Releasing his otherworldly, acid dripped debut in 2011, Connan Mockasin announced himself as distinctly unique voice. A soporific meld of Jazz, Psychadelia, Electronic and Funk, the album’s subtlety and nuance – alongside its ambiguous humour and production – marked it as a shining, if not bizarrely shaped, gem of a record and one I find myself returning to time and again.
Suffice to say I was buzzing with anticipation at the prospect of a second full length record from the New Zealand born space cadet. Recorded over the course of a month in a hotel room in Japan, this is his second release on Errol Alkan’s Phantasy Sound label.
It’s fair to say that the albums first release, “I’m The Man, That Will Find You”, put me on the back foot. It’s narcotic, Prince-styled grooves felt strangely unambitious and the lethargy and bland palette stood as a stark contrast to the vibrancy of Forever Dolphin Love. While the first album felt vital and tactile with its indistinct, serpentine song structures and harmonics and nebulous vocals, the follow up feels plodding and rigid suffering in part from it’s attempted adherence to a (slightly) more traditional aesthetic. The songs lack depth and ambition, the results often being little more than meandering guitar solos that peter into indistinct reverb trails.
The despondent proto-funk style of the album gives it something of an overly maudlin Ariel Pink quality. That is to say that had Before Today been stripped of all of its wry wit and fantastically overblown hooks and production, we might be left with something resembling Caramel. Despite the simplistic nature of the songs, the album is also remarkably devoid of material. On first glance the 40 minute runtime seems long enough but when some 20 plus minutes are taken up by rambling instrumentals laced with soundbites, actual songs are few and far between. For an album that attempts songwriting (albeit songwriting by Mockasin’s skewed idiosyncratic definition) it doesn’t appear that much of this album has been written. It feels largely improvised and unplanned. This lack of coherency comes to a head for the five track “It’s Your Body” suite. Rather than a larger piece broken into five separate movements as I had been expecting, it appears to be little more than an extended jam, cut and pasted into something vaguely structural.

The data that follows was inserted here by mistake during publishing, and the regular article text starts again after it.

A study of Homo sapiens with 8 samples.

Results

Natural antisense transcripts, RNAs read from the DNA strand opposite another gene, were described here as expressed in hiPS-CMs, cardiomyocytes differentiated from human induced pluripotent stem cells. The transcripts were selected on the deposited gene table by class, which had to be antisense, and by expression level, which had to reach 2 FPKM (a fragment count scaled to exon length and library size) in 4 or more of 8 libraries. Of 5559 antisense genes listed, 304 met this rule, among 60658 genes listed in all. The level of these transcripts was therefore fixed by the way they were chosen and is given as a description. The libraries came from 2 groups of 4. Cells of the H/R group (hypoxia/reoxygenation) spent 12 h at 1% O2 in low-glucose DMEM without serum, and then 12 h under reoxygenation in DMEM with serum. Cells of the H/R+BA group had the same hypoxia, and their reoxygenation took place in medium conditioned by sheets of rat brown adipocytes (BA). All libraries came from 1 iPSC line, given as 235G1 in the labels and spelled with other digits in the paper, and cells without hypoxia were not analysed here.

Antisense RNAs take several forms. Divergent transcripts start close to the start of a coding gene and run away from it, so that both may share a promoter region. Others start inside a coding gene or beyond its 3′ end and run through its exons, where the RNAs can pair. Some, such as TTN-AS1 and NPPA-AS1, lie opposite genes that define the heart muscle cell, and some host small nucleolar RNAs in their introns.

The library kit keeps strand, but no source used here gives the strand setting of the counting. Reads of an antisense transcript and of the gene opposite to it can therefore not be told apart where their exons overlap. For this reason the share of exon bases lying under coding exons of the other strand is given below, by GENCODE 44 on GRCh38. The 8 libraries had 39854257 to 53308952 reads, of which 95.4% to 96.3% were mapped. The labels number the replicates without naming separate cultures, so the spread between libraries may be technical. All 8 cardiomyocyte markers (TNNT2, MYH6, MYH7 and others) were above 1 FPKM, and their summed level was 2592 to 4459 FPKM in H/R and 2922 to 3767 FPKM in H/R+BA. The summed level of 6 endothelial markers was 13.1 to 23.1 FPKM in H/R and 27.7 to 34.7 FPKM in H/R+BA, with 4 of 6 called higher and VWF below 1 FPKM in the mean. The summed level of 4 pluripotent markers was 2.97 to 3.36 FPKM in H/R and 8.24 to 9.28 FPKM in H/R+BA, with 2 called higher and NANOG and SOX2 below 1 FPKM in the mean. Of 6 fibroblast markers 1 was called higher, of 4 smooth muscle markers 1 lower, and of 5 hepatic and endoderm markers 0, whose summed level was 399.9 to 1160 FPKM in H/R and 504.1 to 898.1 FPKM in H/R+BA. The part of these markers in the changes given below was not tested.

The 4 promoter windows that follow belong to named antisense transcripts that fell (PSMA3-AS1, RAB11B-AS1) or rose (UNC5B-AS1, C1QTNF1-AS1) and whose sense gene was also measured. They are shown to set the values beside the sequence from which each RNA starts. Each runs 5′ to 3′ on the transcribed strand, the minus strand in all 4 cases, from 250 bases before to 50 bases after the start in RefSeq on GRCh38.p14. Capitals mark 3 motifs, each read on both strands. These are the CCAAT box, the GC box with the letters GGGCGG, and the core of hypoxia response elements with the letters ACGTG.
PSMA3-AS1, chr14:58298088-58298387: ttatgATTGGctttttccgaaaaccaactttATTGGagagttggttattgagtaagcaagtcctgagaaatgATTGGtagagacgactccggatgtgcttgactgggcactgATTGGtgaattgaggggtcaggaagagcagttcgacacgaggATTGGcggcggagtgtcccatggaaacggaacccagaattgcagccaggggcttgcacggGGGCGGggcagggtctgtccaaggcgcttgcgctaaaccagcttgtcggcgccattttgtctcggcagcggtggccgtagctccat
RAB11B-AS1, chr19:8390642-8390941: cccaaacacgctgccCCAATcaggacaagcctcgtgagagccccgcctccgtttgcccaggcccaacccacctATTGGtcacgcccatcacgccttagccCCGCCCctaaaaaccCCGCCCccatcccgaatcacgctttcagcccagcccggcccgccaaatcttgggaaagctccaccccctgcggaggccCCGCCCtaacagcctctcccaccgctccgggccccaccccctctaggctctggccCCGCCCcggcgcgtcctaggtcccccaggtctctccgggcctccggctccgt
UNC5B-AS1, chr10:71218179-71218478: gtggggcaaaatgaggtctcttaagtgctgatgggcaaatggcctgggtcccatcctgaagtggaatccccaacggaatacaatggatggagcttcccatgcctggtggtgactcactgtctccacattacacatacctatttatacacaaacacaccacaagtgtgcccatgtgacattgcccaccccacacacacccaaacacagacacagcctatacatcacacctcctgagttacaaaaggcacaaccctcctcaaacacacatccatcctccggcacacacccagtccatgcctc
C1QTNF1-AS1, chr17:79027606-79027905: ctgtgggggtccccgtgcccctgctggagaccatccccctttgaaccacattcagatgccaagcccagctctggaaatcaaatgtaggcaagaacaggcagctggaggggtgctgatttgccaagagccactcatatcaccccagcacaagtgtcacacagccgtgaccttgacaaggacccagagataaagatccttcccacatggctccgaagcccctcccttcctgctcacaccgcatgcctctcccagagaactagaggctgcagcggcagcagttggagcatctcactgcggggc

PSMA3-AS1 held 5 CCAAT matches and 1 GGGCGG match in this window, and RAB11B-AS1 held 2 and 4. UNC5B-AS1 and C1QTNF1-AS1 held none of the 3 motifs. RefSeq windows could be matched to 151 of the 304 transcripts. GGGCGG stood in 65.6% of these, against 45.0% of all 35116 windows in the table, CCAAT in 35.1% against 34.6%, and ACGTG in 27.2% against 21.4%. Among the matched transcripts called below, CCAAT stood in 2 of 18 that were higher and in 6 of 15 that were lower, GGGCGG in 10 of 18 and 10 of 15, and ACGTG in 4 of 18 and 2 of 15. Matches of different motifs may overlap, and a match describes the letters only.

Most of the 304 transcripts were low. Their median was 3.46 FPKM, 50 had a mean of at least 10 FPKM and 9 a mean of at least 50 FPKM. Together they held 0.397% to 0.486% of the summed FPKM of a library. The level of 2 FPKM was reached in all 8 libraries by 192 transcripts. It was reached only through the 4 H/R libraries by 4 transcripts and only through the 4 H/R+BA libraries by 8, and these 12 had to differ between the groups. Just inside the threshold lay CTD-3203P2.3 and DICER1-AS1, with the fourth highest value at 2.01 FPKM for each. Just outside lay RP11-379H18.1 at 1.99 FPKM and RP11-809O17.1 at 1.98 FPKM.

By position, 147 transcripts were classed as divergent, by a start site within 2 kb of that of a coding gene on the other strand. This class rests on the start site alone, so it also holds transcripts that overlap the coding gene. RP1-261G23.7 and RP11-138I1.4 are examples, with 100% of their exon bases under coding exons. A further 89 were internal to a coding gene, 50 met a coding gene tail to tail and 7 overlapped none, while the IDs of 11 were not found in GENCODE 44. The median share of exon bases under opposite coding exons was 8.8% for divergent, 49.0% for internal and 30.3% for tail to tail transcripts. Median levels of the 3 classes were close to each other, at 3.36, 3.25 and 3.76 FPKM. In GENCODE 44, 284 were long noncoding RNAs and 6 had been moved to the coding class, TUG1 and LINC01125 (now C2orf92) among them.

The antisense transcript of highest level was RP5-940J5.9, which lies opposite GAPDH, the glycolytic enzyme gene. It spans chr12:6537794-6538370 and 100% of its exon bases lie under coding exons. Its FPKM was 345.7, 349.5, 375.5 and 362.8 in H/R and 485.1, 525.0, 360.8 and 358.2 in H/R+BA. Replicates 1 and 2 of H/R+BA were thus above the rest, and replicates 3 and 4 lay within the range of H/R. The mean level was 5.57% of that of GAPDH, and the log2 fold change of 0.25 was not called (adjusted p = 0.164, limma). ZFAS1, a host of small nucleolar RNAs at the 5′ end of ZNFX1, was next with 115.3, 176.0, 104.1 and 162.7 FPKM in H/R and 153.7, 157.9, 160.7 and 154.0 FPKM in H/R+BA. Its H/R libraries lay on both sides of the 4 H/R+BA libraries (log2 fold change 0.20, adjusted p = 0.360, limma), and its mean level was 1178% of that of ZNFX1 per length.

In all I can’t help but feel that this album is something of a regression for Connan. The ineffable magic that permeated the first album has been replaced. Instead we have a lacklustre attempt at a “weird” funk record. It’s hard to judge if the album has simply missed its mark or, as I suspect, he appears to have lost the enthusiasm and imagination with which he approached his first, vastly superior effort.